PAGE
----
The timing is right because of the current dry conditions. The exercise is taking place in the Lexington Basin in Vasona Lake County Park. Preparedness is crucial for fighting wildland fires and fire season is already upon us, so for the past two days, firefighters from all over Santa Clara County have been in training.
"They've got about a 5-acre fire that's moving that direction and up towards your community. It's making small uphill runs," San Jose Fire Capt. Steve Forman explained to a crew Tuesday. It was only a drill, but an important one this year with fire danger high. 125 firefighters trained in the hills above Los Gatos after homeowners gave them permission to be on their property. The firefighters are from departments and agencies across Santa Clara County.
The scene there was typical: Tinder-dry grass and steep hills with expensive homes along the ridge top. Firefighters needed to make critical decisions as they arrived and sized up the potential for disaster. "How fast is the fire going to get up there? What can I do with what apparatus I have on hand right now before the fire gets to that house?" Battalion Chief Kendall Pearson explained.
With experience comes greater flexibility and responsibility as four-unit task forces and five-rig strike teams arrived on scene ahead of management-level command staff with their battle plans. "We give them an area to work in or they find an area to work in, and they go to work and they make those decisions on their own. Even coming down to if you have an area of 25 houses and you only have five fire trucks, you may give an individual captain five houses," Pearson said.
This particular exercise is focused on structure protection. Firefighters on the ground got air support from helicopters dropping water and fixed-wing aircraft that serve as spotters. Other aspects of the training focused on tactical scenarios, logistics, the deployment of prison fire crews, and the evacuation of the elderly or infirm, and horses.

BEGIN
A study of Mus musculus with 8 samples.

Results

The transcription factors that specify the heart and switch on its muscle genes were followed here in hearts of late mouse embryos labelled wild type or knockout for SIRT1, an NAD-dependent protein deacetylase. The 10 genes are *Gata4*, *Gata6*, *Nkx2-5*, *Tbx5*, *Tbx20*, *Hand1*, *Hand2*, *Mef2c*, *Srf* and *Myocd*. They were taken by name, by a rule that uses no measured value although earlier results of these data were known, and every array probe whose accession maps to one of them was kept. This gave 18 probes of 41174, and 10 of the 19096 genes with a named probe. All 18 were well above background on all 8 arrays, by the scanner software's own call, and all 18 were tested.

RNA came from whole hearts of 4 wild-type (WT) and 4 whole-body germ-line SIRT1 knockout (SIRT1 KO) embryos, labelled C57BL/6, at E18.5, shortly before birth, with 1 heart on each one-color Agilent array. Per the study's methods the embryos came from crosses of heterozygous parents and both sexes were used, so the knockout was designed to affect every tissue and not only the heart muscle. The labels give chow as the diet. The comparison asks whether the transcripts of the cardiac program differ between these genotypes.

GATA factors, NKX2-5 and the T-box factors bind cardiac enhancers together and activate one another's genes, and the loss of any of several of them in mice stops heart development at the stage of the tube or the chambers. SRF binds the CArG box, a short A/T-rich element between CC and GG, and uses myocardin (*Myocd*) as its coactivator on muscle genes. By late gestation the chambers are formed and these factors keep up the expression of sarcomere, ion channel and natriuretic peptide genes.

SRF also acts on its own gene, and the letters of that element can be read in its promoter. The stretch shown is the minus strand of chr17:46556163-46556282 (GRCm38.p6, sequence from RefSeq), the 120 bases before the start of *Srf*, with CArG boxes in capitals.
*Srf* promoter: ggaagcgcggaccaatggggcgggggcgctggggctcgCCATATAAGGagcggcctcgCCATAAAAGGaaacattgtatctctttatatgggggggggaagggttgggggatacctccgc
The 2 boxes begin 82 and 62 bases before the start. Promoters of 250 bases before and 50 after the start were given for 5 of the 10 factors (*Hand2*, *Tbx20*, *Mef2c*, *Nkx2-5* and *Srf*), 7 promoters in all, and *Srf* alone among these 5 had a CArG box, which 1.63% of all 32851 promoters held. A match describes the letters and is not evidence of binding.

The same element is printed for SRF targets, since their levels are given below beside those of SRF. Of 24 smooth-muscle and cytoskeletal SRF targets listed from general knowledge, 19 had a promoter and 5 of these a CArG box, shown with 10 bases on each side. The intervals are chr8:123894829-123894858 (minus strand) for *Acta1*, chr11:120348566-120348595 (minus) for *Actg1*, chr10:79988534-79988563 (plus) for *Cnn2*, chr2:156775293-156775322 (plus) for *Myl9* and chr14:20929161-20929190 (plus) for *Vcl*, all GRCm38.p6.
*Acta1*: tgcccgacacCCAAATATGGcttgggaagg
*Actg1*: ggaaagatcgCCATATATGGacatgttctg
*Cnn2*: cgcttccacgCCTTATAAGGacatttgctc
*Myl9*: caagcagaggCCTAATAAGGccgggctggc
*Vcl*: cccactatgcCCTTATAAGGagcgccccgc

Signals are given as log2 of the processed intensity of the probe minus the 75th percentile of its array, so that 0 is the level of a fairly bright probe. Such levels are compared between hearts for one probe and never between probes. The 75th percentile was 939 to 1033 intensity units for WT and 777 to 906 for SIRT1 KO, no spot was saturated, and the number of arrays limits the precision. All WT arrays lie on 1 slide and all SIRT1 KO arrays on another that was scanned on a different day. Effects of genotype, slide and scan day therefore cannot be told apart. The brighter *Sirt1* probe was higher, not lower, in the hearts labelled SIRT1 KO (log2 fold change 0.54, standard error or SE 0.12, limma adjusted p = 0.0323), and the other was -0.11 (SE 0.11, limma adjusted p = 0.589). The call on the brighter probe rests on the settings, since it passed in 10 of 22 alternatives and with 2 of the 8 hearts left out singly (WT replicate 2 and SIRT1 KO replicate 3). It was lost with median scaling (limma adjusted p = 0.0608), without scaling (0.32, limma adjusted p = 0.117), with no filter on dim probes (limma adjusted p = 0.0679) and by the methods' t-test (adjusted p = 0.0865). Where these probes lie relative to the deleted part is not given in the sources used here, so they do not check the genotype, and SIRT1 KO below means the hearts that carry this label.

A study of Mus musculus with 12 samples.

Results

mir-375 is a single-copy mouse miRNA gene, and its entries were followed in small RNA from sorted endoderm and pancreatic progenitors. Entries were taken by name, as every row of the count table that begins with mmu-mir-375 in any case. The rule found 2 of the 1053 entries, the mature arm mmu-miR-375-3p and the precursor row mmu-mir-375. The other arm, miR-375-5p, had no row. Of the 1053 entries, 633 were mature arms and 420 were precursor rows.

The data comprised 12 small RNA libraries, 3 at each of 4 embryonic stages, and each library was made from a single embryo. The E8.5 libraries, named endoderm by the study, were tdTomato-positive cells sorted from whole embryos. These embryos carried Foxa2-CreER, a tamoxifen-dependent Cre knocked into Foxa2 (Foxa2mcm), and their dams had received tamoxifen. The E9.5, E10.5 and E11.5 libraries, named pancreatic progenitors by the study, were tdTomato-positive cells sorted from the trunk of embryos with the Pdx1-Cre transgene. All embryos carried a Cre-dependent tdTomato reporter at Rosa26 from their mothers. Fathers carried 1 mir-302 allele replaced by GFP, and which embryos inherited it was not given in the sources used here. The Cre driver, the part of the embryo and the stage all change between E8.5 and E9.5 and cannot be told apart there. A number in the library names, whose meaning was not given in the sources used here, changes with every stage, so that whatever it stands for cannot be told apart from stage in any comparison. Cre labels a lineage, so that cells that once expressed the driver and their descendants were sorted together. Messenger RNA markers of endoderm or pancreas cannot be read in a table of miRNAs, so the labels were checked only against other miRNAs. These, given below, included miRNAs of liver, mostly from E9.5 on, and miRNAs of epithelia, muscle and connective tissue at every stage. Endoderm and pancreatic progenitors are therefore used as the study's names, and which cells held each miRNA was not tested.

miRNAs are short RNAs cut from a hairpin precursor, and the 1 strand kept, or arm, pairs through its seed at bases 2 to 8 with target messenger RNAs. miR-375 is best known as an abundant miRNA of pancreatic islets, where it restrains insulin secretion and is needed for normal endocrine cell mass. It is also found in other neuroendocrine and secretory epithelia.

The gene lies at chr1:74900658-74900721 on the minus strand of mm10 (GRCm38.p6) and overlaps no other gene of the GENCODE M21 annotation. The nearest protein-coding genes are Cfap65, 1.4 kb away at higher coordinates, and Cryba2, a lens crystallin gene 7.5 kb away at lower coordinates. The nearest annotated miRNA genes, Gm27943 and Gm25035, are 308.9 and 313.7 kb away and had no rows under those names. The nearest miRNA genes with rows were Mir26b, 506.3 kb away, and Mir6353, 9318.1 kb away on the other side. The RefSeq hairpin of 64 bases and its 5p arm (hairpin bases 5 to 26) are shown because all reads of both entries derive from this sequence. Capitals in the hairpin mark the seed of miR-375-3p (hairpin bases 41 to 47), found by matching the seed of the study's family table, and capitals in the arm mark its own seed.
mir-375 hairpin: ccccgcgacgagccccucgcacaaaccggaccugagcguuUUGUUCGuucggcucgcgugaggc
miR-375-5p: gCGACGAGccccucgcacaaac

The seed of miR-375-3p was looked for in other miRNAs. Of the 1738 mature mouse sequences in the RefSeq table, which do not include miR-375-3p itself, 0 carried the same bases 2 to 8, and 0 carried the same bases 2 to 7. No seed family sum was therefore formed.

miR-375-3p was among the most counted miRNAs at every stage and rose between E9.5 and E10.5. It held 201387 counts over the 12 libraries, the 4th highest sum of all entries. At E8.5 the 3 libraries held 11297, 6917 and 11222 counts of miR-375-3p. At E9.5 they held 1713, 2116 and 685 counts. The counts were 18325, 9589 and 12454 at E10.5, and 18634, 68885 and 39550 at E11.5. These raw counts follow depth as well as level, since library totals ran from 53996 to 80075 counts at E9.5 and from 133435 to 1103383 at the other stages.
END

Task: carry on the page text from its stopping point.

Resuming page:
Firefighters are also using what appears to be a low-tech device, a sandbox with wood shavings that can be laid out as a replica of an actual wildland fire. Eyedroppers are used to extinguish flames. Toy helicopters and planes replicate air support. CAL FIRE has been using the sandbox for training for over 40 years, but this is the first time it's being used in Santa Clara County. "Simple things, like just a sandbox, really creates a good scenario to run through and come up with strategy and tactics, and come up with other ideas on how to suppress a fire," Battalion Chief and CAL FIRE Training Officer Nick Ciardella said.
125 more fighters will undergo training on Wednesday. Many residents in the area remember the Lexington Fire a few years ago and no one wants to relive that disaster.